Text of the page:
As the quantum tech space gains traction, which in turn sets the media off into a frenzy, which in turn, turns on TQD’s switches to all the corporate angles, startup stories, research-related content, and insider gossip, the better it is for us.
It’s a hamster’s wheel of content. The fast-catch action of what scientist or founder said what and when they said it.
Blink and you’ll miss it.
Although the advantages are numerous and far outweigh the disadvantages, it sometimes leaves little time to do one of the things journalists at the TQD love to do: reading meaningful content on the industry’s development.
Once in a while — though very rarely, unfortunately — I get to do that:
A few days ago I came across an interesting market research report concerning the cryogenics industry. The report, Cryogenic Equipment Market by Equipment, Cryogen, End-User And Region — Global forecast to 2025, was published in Market and Markets in February 2020. With 2019 the base year considered, it uses key historical data to prognosticate the market by 2025.
The happy news, according to the report, is the cryogenic equipment industry is set to reach over $17B by mid-decade from an estimated $12.6B last year, at a CAGR of 6.4% during the forecast period. Although the report was released in April 2020 as the COVID-19 pandemic was locking the planet down and changing the way we live, it still highlights how optimistic analysts feel about the industry.
The cryogenics sector interests TQD for one simple reason: how the market will service the quantum computing (QC) and quantum information science (QIS) industries? So far, it seems to be in supplying state-of-the-art dilution refrigerators, high-field magnets and cryostats. But the future of semiconductor and superconductor devices — even ultra-low temperature (4 K) switching devices — are reliant on innovation in the cryogenics sector.
This is only set to continue as the QC market grows. What’s good for one is good for the other, naturally — something Oxford Instruments NanoScience, Delft Circuits and Montana Instruments are only too aware of.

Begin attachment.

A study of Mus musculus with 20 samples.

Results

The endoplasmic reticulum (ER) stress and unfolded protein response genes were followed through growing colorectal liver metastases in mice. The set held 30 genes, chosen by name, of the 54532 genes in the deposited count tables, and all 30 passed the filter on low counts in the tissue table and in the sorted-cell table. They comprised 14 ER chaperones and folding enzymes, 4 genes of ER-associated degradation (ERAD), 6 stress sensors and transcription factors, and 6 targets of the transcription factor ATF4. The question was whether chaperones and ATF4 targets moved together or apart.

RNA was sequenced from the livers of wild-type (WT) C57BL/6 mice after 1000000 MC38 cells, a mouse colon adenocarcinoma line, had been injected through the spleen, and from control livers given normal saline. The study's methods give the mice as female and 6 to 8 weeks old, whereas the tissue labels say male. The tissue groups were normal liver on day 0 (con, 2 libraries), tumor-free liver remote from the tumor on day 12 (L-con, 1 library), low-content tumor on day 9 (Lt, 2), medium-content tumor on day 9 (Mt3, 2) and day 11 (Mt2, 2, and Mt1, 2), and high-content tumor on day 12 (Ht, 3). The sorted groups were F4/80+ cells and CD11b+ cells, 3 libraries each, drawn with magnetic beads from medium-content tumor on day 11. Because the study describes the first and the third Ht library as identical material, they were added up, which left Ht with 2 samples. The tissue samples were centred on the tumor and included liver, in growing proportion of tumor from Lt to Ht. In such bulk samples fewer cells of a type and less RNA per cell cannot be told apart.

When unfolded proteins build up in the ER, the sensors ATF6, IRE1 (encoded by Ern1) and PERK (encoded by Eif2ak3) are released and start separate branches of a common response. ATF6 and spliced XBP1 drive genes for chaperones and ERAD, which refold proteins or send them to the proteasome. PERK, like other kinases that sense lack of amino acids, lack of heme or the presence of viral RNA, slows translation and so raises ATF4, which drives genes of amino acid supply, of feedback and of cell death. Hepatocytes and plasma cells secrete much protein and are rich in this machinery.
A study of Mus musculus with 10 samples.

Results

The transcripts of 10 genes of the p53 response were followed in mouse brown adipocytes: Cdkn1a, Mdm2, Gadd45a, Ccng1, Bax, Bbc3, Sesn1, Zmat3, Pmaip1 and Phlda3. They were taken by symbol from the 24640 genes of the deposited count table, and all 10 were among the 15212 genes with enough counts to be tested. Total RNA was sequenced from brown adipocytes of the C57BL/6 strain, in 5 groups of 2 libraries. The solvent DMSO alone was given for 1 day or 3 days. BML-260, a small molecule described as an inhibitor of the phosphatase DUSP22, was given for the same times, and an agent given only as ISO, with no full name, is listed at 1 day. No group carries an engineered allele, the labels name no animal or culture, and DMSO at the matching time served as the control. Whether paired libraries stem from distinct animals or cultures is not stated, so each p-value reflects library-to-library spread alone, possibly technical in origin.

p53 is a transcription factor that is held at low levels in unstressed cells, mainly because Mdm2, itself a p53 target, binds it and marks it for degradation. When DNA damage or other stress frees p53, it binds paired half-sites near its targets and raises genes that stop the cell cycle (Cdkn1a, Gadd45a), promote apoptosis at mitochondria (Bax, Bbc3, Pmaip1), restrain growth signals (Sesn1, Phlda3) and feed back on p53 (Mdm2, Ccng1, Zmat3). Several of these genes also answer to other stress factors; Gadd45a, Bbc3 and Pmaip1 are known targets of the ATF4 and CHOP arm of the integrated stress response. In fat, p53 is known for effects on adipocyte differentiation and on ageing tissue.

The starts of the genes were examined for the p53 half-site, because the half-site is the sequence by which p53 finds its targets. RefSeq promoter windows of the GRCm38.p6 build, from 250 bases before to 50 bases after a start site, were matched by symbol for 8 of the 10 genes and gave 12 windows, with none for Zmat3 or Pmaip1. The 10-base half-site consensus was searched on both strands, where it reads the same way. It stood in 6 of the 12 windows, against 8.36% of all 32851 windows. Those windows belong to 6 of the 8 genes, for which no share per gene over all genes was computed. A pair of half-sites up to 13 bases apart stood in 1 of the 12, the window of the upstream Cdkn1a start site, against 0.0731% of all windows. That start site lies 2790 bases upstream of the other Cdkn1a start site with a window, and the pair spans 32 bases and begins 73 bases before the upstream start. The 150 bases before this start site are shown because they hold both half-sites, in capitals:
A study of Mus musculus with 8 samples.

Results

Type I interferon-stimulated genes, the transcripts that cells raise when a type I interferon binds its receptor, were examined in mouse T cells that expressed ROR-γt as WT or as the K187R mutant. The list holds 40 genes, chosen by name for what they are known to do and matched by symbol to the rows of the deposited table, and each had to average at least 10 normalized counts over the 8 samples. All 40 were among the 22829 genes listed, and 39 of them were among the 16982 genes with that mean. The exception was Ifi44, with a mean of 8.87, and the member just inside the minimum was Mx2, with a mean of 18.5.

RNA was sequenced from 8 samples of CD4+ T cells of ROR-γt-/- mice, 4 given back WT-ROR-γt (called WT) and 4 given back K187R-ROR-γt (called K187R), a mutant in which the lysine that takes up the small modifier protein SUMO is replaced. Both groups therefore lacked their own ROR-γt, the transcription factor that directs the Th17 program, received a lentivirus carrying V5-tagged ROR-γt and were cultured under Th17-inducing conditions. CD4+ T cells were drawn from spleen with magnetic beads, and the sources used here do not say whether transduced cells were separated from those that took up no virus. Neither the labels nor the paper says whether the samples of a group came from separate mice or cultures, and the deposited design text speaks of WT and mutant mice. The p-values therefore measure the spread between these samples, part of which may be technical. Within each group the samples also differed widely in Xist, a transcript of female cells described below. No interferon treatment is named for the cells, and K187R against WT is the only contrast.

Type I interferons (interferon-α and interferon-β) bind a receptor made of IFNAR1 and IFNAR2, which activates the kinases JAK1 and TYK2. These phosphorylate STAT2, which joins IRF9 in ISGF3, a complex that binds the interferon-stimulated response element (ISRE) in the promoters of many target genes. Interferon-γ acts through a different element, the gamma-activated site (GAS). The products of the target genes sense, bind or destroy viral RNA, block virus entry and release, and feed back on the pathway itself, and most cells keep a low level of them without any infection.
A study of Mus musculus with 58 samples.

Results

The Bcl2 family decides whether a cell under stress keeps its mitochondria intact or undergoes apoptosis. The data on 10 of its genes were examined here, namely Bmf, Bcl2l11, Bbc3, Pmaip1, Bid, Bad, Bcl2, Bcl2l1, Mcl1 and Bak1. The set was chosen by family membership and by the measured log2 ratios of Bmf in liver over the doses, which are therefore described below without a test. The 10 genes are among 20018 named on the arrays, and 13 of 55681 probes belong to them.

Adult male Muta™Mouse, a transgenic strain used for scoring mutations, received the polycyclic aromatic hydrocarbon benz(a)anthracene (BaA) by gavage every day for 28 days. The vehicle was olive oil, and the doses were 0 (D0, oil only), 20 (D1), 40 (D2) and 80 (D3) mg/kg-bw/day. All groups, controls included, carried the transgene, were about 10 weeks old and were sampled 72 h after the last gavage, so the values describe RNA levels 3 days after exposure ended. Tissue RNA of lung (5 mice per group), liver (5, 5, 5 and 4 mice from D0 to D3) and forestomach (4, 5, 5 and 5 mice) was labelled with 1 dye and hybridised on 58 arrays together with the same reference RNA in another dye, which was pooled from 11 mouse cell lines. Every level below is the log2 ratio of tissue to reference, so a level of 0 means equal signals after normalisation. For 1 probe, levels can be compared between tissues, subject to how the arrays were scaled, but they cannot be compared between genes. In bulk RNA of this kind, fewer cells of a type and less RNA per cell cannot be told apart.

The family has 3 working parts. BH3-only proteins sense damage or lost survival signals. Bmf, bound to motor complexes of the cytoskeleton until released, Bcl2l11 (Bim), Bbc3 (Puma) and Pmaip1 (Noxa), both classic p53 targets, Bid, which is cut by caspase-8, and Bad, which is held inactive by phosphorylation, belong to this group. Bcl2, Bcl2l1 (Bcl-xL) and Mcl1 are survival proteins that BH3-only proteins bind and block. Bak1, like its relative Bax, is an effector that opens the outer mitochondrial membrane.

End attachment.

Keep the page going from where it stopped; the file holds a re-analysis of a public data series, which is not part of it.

Three more companies, too, are mindful of the potential benefits their industry — which arguably started with the seminal work of Raoul Pictet and Louis Paul Cailletet, later followed by James DeWar and Heike Kamerling Onnes’ contribution — can do for quantum tech: Absolut System, ICEoxford and Thales Cryogenics.
Founded in France in 2010 by expert engineers specializing in cryogenics, Grenoble’s very own Absolut System aims to guarantee unique cryogenic engineering, development, design, and commercialization while working across industry, laboratories, research programs, aeronautics, and the space sector.
With a product line that encompasses dry cryostats, LN2 cryostats, high-performance cryogenic circulation fans (CCF), cryocooling Helium closed-loop configurations, and pulse tubes etc., Absolut System’s objective is
to provide the right technologies for your application
ICEoxford, on the other hand, was founded in 2004 by Chris Busby and Paul Kelly with the goal to design, build and install ultra-low temperature cryogenic equipment for the research equipment. Fifteen years on from that it is now ‘a leading supplier of custom design and high-performance cryogenic systems to scientific and cryogenic research groups throughout the world’.
With headquarters in Oxford, UK, ICEoxford’s products range from dry cryostats with 3K to 10K base temperature, various temperature-scale wet systems and probes. Applications ICEoxford’s IP can address include high-temperature superconductivity and top-loading cryostat for Mossbauer.
However, of special interest to TQD are its product lines applicable to the quantum tech industry that comprise dry ice cryostats for photonic QC, solid-state QC and single-photon detection.
Managing director and co-founder of ICEoxford is Chris Busby. Starting off as a materials manager at Oxford Instruments before he founded ICEoxford, Busby is a graduate of Oxford Brookes University.
Fellow co-founder of ICEoxford Paul Kelly is the company’s CTO. Like Busby, he worked for Oxford Instruments for two decades as a principal engineer prior to setting up ICEoxford with Busby.
Tracing its roots to the late 19th century, Thales Cryogenics — part of the larger Thales Group — has more than half a century’s experience in the cryogenics industry and is the European leader in supplying compact cryogenic coolers for the military, airborne, space, and industrial applications. Consisting of Thales Cryogenie SAS, based in France, and Thales Cryogenics BV, based in The Netherlands, Thales Cryogenics is conducting research to develop high-tech coolers for today’s demanding markets. The company’s ultimate objective (at least for now) is in cooling temperatures down to 40K, though this temperature could be lowered down to 15K if the application requires it.
Thales Cryogenics’ product range in state-of-the-art cryogenic solutions includes RM Rotary monobloc, UP/LS Contact seal, LSF Flexure bearing, and LPT Pulse-tube coolers.
The Thales Group operates in over fifty countries. This, as well as the 65,000 dedicated and passionate employees working for the company and its global network of some 20,000 world-class researchers, creates a scenario for Thales Cryogenics where it can count on the enormous support network of its parent company to change the cryogenics industry for the better.
It’s a given the science of cryogenics has done immeasurable work for applications in surgery, therapy, gas transportation and food preservation etc. What is needed now, however, is a giant leap forward in facilitating outcomes in QIS and QC.
Though there’s no guarantee the technology will succeed, at least in the short to mid-term, there’s little doubt the cryo industry is — and will continue to be — an important aspect of quantum tech’s rise.